Greek Default Scenarios

With the break-down of negotiations between the Greek government and its creditors over the weekend, Greece is about to default on a 1.6 billion Euros IMF loan repayment this Tuesday. While this need not automatically trigger a full default, a critical July 5th referendum on whether or not to accept the latest proposal from Greece’s creditors could. Most polls suggest Greeks would vote to avoid default and stay in the Eurozone, but this is far from guaranteed. This post examines what would happen to Greece in case the government defaults on its debt. We examine three scenarios going from the most optimistic to the worst.

Scenario A: Default Inside the Euro

  • In this scenario Greece defaults on its debt to the IMF and other creditors, but it stays inside the Eurozone. The ECB continues to lend to Greek banks through the Emergency Liquidity Assistance (ELA) program. The capital controls imposed this Monday reduce deposit flight from Greece, and a complete collapse of the Greek banking system is avoided. Nevertheless, Greek banks are forced to drastically contract lending.
  • Lower credit availability, a decline in private sector confidence and rising uncertainty hurt domestic demand and tourism. The lack of access to external funds and falling tax revenues require large cuts in public sector working hours and salary payments. The negative effects of this on aggregate demand are only partly countered by the reduction in debt repayments, now amounting to 3% of GDP.
  • Greece enters a recession with GDP contracting by 0.5% to 1.5% in 2015 and a further 1 to 2% in 2016. The economy starts growing again in 2017 though at a slower pace than under the no default scenario.

Scenario B1: Grexit with Export Boom

  • Greece defaults on its debt and the ECB refuses to provide access to further ELA loans. In order to fund its spending, and hoping to gain from an export boom, the government starts printing its own currency and exits the Euro. This leads to a 40-50% depreciation of the new Drachma and inflation of 20-35% year-on-year.
  • Greek banks lose access to ECB funds, but capital controls are partially successful at blocking deposit flight. The switch back to Drachmas causes confusion and complicates payments for businesses and consumers.
  • The ECB’s aggressive bond buying and bank lending through its quantitative easing and long-term refinancing operations stabilise financial markets in the Eurozone, reducing contagion effects to a minimum.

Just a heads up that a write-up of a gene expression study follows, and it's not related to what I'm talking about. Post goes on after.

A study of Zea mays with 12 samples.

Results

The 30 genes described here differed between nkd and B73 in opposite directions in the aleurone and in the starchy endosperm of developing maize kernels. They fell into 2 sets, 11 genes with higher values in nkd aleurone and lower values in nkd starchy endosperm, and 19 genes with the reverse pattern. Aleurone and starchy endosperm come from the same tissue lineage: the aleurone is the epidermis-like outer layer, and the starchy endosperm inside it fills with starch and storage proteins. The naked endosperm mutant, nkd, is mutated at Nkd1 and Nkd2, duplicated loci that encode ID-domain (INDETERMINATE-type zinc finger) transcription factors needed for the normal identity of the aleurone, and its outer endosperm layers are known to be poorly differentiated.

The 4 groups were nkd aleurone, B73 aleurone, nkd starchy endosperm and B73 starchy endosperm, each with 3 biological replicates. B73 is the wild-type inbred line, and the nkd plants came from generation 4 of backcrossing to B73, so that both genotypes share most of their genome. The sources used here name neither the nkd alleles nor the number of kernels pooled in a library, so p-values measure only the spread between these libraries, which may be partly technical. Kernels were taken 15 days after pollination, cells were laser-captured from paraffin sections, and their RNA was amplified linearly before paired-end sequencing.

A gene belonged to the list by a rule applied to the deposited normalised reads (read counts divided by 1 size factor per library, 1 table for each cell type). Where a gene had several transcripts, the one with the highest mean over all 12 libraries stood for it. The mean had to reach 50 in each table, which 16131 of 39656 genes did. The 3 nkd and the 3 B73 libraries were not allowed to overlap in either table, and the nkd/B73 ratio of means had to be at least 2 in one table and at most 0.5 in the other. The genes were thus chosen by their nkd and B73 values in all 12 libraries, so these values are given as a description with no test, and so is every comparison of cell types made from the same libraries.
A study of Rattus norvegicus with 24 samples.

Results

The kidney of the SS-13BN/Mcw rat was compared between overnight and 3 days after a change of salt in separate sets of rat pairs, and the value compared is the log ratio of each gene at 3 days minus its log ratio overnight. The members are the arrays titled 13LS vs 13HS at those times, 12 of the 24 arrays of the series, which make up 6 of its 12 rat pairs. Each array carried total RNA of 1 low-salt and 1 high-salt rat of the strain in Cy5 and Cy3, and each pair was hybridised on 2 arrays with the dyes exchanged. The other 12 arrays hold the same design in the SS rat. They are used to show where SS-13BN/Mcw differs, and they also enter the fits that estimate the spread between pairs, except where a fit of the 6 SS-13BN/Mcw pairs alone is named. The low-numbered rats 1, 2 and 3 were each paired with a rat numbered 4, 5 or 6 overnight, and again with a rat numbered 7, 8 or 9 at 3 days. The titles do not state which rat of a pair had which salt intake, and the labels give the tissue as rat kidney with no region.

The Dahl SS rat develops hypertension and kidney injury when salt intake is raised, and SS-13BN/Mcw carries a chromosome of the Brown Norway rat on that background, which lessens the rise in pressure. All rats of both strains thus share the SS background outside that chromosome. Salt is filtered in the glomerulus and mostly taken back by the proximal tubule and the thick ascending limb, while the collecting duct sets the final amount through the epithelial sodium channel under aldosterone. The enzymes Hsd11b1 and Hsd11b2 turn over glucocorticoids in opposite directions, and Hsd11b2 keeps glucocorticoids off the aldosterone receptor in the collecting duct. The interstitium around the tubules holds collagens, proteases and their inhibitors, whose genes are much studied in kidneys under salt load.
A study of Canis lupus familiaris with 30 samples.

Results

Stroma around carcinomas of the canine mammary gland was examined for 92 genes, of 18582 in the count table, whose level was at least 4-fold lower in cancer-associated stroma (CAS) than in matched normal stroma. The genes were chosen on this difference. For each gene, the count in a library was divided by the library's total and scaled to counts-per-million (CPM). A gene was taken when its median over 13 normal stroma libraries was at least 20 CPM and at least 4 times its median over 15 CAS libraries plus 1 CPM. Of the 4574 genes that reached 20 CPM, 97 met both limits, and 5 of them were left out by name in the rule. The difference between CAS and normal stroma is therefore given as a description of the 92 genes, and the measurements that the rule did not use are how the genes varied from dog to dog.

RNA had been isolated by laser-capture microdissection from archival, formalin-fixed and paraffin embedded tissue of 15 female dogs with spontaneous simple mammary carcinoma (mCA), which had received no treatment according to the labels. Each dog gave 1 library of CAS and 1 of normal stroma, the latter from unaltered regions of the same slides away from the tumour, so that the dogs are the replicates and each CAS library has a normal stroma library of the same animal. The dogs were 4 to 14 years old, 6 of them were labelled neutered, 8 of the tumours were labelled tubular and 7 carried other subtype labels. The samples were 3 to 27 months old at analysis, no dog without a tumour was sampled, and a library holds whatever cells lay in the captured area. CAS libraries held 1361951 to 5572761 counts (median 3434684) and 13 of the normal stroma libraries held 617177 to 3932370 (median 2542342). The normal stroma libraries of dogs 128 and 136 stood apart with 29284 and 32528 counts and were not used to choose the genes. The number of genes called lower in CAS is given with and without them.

• The devaluation is followed by a wave of corporate defaults, due to the spike in the burden of Euro denominated debt, rising costs of imported production inputs (raising production costs) and higher interest rates as the central bank tries to stabilise the new Drachma. This amplifies the negative effects on private sector output of the credit crunch and higher uncertainty also present in scenario A.
  • However, the Drachma’s depreciation leads to a strong export boom, with a large increase in tourism. The boost in exports compensates for the negative effects of exiting the Euro. As a result, the scale of the recession would be similar to that in scenario A.

Scenario B2: Grexit Leads to Depression

  • As in scenario B1, Greece exits the Euro and the new Drachma depreciates significantly. Capital controls are insufficient and the Greek banking system collapses.
  • The typical experience from large devaluation episodes such those of the Asian crisis in 1997 is that the rise in exports tend to be gradual due to other non-price factors determining demand for exports, and due to supply factors limiting the growth in exports. Furthermore, the weight of Greek exports in production is low relatively to other small open economies, with an average exports to GDP ratio of around 30% over 2010-2014.
  • Extra uncertainty by tourists about visiting Greece during a crisis, and doubts by foreign buyers about the ability of Greek exporters to deliver merchandise while facing financial difficulties, limit the rise in demand for exports following the depreciation or even cause exports to decline. Stronger than expected financial contagion effects to the rest of Europe hurt Eurozone growth, further dampening demand for Greek exports.
  • On the supply side, key Greek export industries such as oil refining are hit by large cost increases due the increase in the Drachma prices of oil and other key production inputs. Capacity constraints also reduce the potential rise in exports to benefit from the currency depreciation. As a result, export growth is modest or even negative. Even with positive export growth, net exports may fall due to the higher cost of imports.
  • With all the previous negative consequences of a default and change in currencies, but without any offsetting gains from an export boom the Greek economy enters another depression. Greece’s GDP declines by 4 to 6% in 2015 and by 10% to 14% in 2016.

In case of a default, the ECB will probably maintain access to funding for Greek banks in order to reduce the risk of financial contagion to other Eurozone countries to a minimum. In combination with the majority of the Greek public against exiting the Euro, this makes scenario A the most likely outcome conditional on default. If a Grexit occurs, the rise in uncertainty and other complications will probably reduce the potential for export growth following devaluation. This makes the Grexit and Depression scenario B2 more likely than the Grexit and export boom scenario B1. However, it is worth emphasizing the unusual margin of uncertainty surrounding the outcomes of a Greek default.